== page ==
The term ‘Florentine’ in a recipe title indicates that the dish uses spinach. This updated version of the classic eggs Florentine uses a sauce thickened with cornstarch rather than a butter and flour roux. Serve with whole-wheat toast.
To make the cheese sauce, mix the cornstarch to a paste with a little milk. Pour the remaining milk into a nonstick saucepan and bring to a boil. Stir the boiling milk into the cornstarch mixture, then pour back into the pan. Bring to a boil, stirring. Once it has thickened, simmer for 2 minutes. Remove from the heat, stir in the Gruyère cheese, and season with nutmeg and pepper. Cover the surface of the sauce with parchment paper to prevent a skin from forming and set aside in a warm place.
Heat the margarine with the oil in a saucepan. Add the leeks and cook for about 3 minutes, until beginning to soften. Add the spinach and stir. Cover the pan and cook over medium heat for 2 to 3 minutes until the spinach has wilted and the leeks are tender. Drain the vegetables in a sieve, pressing down with the back of a spoon to remove any excess moisture. Return to the pan and season with pepper. Cover and keep warm.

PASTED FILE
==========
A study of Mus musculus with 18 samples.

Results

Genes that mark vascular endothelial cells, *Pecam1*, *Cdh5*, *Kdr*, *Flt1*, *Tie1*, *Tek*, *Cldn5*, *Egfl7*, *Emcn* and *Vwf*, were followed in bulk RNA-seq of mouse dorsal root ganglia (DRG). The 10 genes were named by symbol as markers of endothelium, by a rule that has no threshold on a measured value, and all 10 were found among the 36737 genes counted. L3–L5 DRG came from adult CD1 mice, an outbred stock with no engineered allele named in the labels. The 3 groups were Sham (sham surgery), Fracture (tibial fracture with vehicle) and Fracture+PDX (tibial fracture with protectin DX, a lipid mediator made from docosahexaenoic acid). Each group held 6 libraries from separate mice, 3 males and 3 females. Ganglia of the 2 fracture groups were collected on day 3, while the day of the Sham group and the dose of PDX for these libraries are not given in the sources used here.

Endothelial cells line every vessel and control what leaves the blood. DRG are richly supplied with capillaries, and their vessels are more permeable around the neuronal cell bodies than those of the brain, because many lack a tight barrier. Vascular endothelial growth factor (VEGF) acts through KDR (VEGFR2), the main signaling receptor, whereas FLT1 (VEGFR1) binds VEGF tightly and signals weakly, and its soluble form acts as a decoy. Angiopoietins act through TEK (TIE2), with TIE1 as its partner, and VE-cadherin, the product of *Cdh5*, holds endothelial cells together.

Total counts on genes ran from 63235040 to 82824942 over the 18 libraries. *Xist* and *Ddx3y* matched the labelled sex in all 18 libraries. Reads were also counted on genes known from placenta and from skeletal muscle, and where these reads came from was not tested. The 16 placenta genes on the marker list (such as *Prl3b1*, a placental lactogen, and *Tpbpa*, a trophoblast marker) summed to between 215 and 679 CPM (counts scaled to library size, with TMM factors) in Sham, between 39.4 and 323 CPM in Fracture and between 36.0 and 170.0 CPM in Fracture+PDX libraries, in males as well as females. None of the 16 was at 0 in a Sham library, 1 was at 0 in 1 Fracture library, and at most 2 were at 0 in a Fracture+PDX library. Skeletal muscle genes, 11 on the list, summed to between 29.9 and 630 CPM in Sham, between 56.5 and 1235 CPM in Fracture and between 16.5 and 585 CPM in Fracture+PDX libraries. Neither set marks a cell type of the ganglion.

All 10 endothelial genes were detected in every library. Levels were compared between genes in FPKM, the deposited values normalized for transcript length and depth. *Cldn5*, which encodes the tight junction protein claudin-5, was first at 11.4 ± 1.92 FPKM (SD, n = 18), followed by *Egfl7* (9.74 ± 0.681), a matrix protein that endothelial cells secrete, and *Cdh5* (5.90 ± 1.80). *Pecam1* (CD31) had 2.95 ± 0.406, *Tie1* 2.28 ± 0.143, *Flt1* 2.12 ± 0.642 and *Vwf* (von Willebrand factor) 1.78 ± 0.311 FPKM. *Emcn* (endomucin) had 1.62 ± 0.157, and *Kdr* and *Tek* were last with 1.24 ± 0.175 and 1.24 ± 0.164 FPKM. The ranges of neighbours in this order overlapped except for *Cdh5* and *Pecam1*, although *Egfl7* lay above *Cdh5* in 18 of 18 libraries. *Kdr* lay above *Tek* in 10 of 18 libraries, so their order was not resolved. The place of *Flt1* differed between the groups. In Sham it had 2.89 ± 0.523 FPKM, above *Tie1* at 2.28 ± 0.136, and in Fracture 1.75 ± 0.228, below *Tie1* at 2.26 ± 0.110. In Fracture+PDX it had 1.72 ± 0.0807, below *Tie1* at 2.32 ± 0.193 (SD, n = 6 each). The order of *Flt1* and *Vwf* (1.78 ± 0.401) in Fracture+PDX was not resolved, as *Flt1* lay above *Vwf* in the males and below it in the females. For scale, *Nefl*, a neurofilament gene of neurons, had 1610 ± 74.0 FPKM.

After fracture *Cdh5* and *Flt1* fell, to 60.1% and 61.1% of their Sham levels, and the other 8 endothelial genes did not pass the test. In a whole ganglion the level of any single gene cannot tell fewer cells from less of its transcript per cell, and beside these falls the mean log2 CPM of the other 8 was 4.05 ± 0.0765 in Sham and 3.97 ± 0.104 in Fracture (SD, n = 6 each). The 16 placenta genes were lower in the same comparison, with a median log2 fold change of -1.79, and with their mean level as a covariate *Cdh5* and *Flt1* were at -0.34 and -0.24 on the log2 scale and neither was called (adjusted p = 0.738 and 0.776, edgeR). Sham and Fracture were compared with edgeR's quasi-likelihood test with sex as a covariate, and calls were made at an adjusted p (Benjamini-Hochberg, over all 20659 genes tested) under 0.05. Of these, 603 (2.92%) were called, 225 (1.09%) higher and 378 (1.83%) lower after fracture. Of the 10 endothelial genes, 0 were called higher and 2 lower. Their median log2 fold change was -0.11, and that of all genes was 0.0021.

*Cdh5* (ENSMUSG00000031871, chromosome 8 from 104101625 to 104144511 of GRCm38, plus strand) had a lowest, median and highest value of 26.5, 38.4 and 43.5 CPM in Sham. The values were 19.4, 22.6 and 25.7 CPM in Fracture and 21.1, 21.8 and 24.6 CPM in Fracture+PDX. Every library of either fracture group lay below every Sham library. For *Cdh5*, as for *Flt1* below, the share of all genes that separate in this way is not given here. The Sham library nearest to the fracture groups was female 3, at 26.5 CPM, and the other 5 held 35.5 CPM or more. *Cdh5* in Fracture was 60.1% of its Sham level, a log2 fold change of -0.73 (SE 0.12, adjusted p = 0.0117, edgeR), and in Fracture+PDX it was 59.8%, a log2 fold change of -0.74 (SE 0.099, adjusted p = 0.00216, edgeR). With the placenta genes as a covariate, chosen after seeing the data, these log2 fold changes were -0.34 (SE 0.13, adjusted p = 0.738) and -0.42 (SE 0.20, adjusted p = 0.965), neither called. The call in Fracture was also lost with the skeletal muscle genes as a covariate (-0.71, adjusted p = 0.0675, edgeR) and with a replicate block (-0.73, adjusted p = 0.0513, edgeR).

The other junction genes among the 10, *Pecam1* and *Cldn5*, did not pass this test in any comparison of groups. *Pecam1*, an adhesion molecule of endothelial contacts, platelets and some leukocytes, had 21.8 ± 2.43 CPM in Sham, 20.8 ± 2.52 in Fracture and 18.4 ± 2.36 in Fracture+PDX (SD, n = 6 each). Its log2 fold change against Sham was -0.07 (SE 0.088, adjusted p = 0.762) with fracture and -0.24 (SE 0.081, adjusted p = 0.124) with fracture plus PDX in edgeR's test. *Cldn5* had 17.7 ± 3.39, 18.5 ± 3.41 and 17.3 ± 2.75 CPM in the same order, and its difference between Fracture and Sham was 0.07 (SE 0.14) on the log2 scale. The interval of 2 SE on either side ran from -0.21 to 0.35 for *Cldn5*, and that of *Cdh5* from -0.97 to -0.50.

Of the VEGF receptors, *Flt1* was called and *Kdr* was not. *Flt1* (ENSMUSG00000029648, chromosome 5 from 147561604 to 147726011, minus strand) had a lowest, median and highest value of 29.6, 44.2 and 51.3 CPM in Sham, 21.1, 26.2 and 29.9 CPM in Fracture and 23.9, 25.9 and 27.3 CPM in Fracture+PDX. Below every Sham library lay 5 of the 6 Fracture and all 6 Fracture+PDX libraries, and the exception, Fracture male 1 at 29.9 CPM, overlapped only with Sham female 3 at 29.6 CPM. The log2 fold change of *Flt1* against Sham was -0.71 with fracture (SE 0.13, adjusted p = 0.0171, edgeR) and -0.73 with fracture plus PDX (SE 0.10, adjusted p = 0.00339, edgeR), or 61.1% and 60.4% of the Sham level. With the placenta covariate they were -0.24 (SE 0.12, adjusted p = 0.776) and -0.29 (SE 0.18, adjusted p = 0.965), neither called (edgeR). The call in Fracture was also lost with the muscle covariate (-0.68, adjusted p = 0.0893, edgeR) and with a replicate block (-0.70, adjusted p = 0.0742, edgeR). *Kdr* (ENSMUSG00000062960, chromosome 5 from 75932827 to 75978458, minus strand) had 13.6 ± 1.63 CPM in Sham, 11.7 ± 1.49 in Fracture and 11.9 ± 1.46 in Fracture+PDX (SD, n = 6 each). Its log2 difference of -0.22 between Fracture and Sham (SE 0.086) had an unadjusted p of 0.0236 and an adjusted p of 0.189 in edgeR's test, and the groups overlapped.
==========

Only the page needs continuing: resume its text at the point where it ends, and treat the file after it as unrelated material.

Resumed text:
Meanwhile, half-fill a large frying pan with water and bring to simmering point. Add the vinegar. Break in the eggs, and cook gently for 3 to 4 minutes, spooning the hot water over the yolks. Lift out the eggs with a slotted spoon and drain on paper towels.
Preheat the broiler. Spread the leek and spinach mixture in an even layer in a large flameproof dish. Make 4 hollows in the vegetables using the back of a spoon and place a poached egg in each hollow. Spoon the cheese sauce over the eggs. Lightly dust with paprika, then place the dish under the broiler. Cook for 3 to 4 minutes until lightly browned. Serve eggs Florentine at once.
Per serving: 278 calories, 17 g protein, 18 g fat (5 g saturated) 224 mg cholesterol, 14 g carbohydrate, 7 g sugars, 3 g fibre, 229 mg sodium.
Spinach is a good source of nutrients with antioxidant properties, including vitamins C and E and carotenoid compounds. Leeks belong to the onion family. They provide vitamin E, and the green part of the leek is a good source of beta carotene.